I suppose you mean the police 10-codes. Like "10-4" and such. Those actually vary from state to state, city to city. Perhaps this thread will reveal members' favorite links to the many established (and detailed) databases on the web.
In Sacramento they use 10 codes and 9 codes. They also use state penal and vehicle codes that are not the same from state to state. In Las Vegas, they use a 4 code that I have never seen anywhere on the planet!
It is always great to share information but in this case, I don't think it would be useful.
Radio Shack sells a "Police Call" directory that is pretty trustworthy. It even comes with a CD ROM so you can make a frequency list for your area and print it out.
If you mean the "10- codes", there is no universal standard; those codes are developed by the department that uses them. The only widespread set of "universal" codes are the ones used by CB'ers. Often, the police and fire departments will use some of them and then add their own to the mix. Some departments will use statute numbers as an unofficial code for a prticular offense (3731 is the statute against drunk driving in Pennsylvania and some departments use it to indicate DUI). When the officers deviate from the department standards (which is pretty common, there used to be a chief around here that used an old set of codes that had been phased out 10 years before), your only clue is context.
While I don't promote any involvement in possible illegal activity, here's a few interesting notes on scanners.
Know anyone in either Asia or Europe? Have them bring you back (or ship you back) a scanner. The ones sold in some parts of those regions have a much better frequency range. Just two minor problems to deal with: One has to know the language in order to properly program it, and then there's the different power supply issue.
It doesn't take much of an electronics knowledge and/or knowledge in certian types of computing to know how to advance the frequency range of models sold here.
With the increased frequency range it's possible to pick up on more different types of wireless home phone conversations, even if done eerrr accidently. I've personally seen models which are capable of picking up almost any digital mobile phone conversation; but I may have been across the border while eerrr witnessing this.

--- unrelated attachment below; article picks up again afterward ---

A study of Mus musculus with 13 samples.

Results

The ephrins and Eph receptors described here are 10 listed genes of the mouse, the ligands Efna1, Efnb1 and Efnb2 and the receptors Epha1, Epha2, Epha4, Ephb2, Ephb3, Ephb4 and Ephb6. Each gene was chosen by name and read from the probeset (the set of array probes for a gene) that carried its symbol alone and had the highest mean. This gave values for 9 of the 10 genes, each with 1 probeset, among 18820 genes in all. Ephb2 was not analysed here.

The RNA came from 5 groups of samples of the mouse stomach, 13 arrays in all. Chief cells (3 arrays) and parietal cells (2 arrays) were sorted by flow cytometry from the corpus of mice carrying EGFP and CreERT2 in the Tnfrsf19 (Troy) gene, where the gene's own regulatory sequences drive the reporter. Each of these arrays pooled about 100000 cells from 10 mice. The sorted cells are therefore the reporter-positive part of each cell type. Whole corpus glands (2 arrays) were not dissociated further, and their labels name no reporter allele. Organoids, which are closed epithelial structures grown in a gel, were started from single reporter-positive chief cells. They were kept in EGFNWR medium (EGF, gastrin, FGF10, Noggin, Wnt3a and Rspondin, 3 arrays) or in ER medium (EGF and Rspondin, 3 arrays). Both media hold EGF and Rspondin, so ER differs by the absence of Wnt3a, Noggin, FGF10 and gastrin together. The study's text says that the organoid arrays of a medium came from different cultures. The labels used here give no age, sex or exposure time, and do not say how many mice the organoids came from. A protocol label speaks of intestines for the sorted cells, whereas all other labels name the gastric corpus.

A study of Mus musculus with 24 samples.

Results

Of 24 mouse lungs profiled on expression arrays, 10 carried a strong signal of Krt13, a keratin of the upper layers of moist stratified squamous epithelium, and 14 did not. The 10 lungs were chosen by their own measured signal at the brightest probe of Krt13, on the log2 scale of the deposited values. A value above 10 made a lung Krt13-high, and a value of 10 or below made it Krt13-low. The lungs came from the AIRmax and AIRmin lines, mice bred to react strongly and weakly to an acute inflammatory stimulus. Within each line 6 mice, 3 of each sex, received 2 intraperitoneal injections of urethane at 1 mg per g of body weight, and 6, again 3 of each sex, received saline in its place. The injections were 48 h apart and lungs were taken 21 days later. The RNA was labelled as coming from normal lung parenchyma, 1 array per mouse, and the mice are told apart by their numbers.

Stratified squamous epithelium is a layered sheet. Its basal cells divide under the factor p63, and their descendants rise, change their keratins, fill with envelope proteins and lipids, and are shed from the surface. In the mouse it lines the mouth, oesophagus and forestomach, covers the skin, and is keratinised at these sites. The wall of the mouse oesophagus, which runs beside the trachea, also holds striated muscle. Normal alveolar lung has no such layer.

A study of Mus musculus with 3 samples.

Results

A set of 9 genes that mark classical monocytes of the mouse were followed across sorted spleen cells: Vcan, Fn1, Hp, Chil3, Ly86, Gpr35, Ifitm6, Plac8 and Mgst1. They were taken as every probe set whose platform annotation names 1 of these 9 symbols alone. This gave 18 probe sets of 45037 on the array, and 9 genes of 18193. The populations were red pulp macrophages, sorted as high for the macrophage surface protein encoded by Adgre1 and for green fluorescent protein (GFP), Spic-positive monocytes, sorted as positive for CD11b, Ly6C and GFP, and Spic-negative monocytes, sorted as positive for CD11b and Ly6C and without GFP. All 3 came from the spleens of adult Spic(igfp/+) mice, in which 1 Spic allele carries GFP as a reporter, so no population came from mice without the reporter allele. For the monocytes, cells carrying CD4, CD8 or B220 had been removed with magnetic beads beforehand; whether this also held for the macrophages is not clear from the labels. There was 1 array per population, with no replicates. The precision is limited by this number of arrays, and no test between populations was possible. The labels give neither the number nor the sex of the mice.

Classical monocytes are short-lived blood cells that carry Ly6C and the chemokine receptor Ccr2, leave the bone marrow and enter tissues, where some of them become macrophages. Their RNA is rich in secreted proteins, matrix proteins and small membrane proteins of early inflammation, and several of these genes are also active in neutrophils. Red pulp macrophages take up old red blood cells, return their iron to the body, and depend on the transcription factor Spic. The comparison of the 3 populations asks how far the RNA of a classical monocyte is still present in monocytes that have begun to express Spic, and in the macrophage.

The two best types of places to buy scanners are either boating stores or places which sell to private/commercial pilots; such as Sporty's Pilot Shop.
They don't have better frequency range, they just have the cellular bands unblocked. Why you want to listen to analog cell phone calls is beyond me.
How did you pick up digital mobile phone conversation I'm curious? Well, you COULD.. you'd just be hearing digital noise, because you have no way of decoding the stream? Not to mention phones that use spread-spectrum techniques and frequency-hopping that'll keep you from listening to any full conversation.
When new scanners go through the FCC, the only way they can be certified is if they cannot be modified through any simple means (jumpers/firmware, etc.) to open up the cellular band. Older scanners are known to have very simple modifications.
I'd second the call for checking out RadioReference.com.
Decoding the stream is very easy. Why does one think the cell phone hardware is so inexpensive. As for the spread spectrum and the frequency hopping, it's just another toy gadget which is also not hard to defeat.
You have to look at it this way: If it's an inexpensive piece of harware which someone had to program, then how much efort could it possibly take to decode?
One can find the books to know exactly how to do it at any good bookstore or library. If you've done any entry level electronics, entry level programming, etc. then you're probably overqualified to do it.